PRINT April 2013


Ahmet Öğüt, Across the Slope, 2008, modified Fiat 131, constructed floor. Installation view, SALT Beyoğlu, Istanbul, 2011.

IN 1961, President Cemal Gürsel of Turkey commissioned engineers to design an automobile that could be produced entirely in that country. The first prototypes of the car, grandiloquently called the “Devrim” (“revolution”), were duly developed, and their unveiling scheduled to coincide with the annual Republic Day parade in Ankara. The day having arrived, the president climbed aboard one of the prototypes and joined the procession—but the car ran out of gas after about a hundred yards, as no one had remembered to fill the tank. The incident, which made the president and his car the laughingstock of the nation, forever ended all hopes of manufacturing the Devrim. But it did give rise to Ahmet Öğüt’s Devrim (Revolution), 2007, a wall drawing with an extended caption that relates the whole tragicomic episode.

I cite this work first not because it bears my own name but because it offers a glimpse of an early manifestation of one of the artist’s favorite motifs. Since creating Devrim, Öğüt has often used cars in burlesque fables that explore the sociopolitical context in Turkey and beyond. For example, his installation Across the Slope, 2008, stars a Fiat 131, which was very much an aspirational car for the Turkish middle class in the 1970s. The artist elongated the Fiat’s shape to make it look like an American luxury sedan. The customized car was presented perched at the apex of a mound constructed within the gallery, its disproportionate size evidently preventing it from getting over the hump. Beyond the car, imagery of roads—and, by analogy, of movement and change (or their absence)—is found throughout Öğüt's oeuvre. For his well-received intervention at the Fifth Berlin Biennale in 2008, for instance, he covered a thirteen-hundred-square-foot floor at the KW Institute for Contemporary Art with asphalt (Ground Control, 2007–2008). More recently, he installed a bus shelter that looks like a carousel (Waiting for a Bus, 2011) on a street in Christchurch, New Zealand.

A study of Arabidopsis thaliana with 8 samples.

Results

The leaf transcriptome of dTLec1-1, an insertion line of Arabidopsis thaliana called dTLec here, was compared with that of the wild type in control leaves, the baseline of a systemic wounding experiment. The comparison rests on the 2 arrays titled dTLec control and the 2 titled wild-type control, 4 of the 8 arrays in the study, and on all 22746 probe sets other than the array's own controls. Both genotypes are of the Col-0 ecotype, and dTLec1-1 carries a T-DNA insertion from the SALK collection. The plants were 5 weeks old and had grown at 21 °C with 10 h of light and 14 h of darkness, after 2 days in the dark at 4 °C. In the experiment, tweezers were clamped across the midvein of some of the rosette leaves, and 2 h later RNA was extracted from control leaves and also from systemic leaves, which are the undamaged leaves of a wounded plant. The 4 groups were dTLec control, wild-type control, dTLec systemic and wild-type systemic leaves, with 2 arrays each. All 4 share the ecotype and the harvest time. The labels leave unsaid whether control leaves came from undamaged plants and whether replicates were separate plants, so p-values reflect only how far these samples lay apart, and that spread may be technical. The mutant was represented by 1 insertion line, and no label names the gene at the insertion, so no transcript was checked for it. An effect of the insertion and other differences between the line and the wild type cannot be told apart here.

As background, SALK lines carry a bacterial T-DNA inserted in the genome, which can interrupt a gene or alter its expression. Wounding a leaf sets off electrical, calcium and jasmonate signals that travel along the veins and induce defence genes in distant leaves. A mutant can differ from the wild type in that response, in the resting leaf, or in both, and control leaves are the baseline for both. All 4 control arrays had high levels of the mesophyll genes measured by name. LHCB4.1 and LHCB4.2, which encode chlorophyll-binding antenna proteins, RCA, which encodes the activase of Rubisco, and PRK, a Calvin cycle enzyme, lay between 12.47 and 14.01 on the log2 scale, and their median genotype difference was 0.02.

However, no single theme can link all the artist’s works. Öğüt, who was born into an ethnically Kurdish family in 1981 in Diyarbakır, Turkey, and lives and works between Istanbul, Amsterdam, and Berlin, is prolific, and his output is widely varied. If there is a constant, it is political engagement, which in his work is always implicitly or explicitly legible. For an exhibition in Belgium in 2012, he produced a project inspired by a local socialist cooperative: The Castle of Vooruit, 2012, a giant helium balloon mimicking the castle-topped rock in Magritte’s 1959 painting Le Château des Pyrénées—though in Öğüt’s rendition the castle has been replaced by a replica of the Vooruit, an arts center originally built for the working class in Ghent. Some of his projects take an overtly activist tack. For example, in collaboration with the Tate and London’s Delfina Foundation, he recently initiated the Silent University, a platform for the exchange of information among refugees and asylum seekers—an engagement with cultural minorities that evokes the artist’s own Kurdish identity.

If Öğüt’s work has already been compared to that of historic figures like Robert Smithson or contemporaries like Anri Sala, I cannot help, for my part, but see strong affinities with Thomas Bayrle (whose retrospective I am currently organizing at Wiels Centre for Contemporary Art in Brussels). Despite the very different sociocultural horizons in which their respective practices are rooted—the Wirtschaftswunder, or economic miracle, of West Germany in the ’60s, on one hand, and post-Kemalist Turkey, on the other—the topics explored by both artists are astonishingly similar: the urban environment, political propaganda, activism, terrorism, and the middle class, not to mention the automobile industry. Bayrle’s Holz Relief Stadt (Philip Johnson), 1999–2000, and Öğüt’s Exploded City, 2009, offer an instructive comparison. Bayrle’s work is a large, floor-based portrait of the titular modernist titan; small model buildings function like pixels, delineating Johnson’s image. Exploded City, presented for the first time at the Turkish pavilion at the 2009 Venice Biennale, also takes the form of a miniature metropolis, bringing together tiny reproductions of buildings throughout the world that have been targets of attack. Bayrle’s rigorously ordered work seems to look back at the Cold War world, where cultural hegemony flowed from political hegemony. Öğüt’s unruly agglomeration of toy buildings poses fragmentation as both a threat and an opportunity. And if Bayrle’s graphic superforms—dizzying images comprising masses of smaller images, such as cars or telephones or Chairman Mao—seem to speak first and foremost to ideology, to the “software” of capitalism, communism, or fascism, Öğüt attends to the hardware, the physical presence of the cars and buildings and roads and people that work for or against global flows of power. The cars may break down and the buildings may float away, but the potential for resistance, for learning, and for change is shown to reside precisely in such stubborn instantiations of the real.

Devrim Bayar is curator at Wiels Centre for Contemporary Art, Brussels.

Translated from French by Molly Stevens.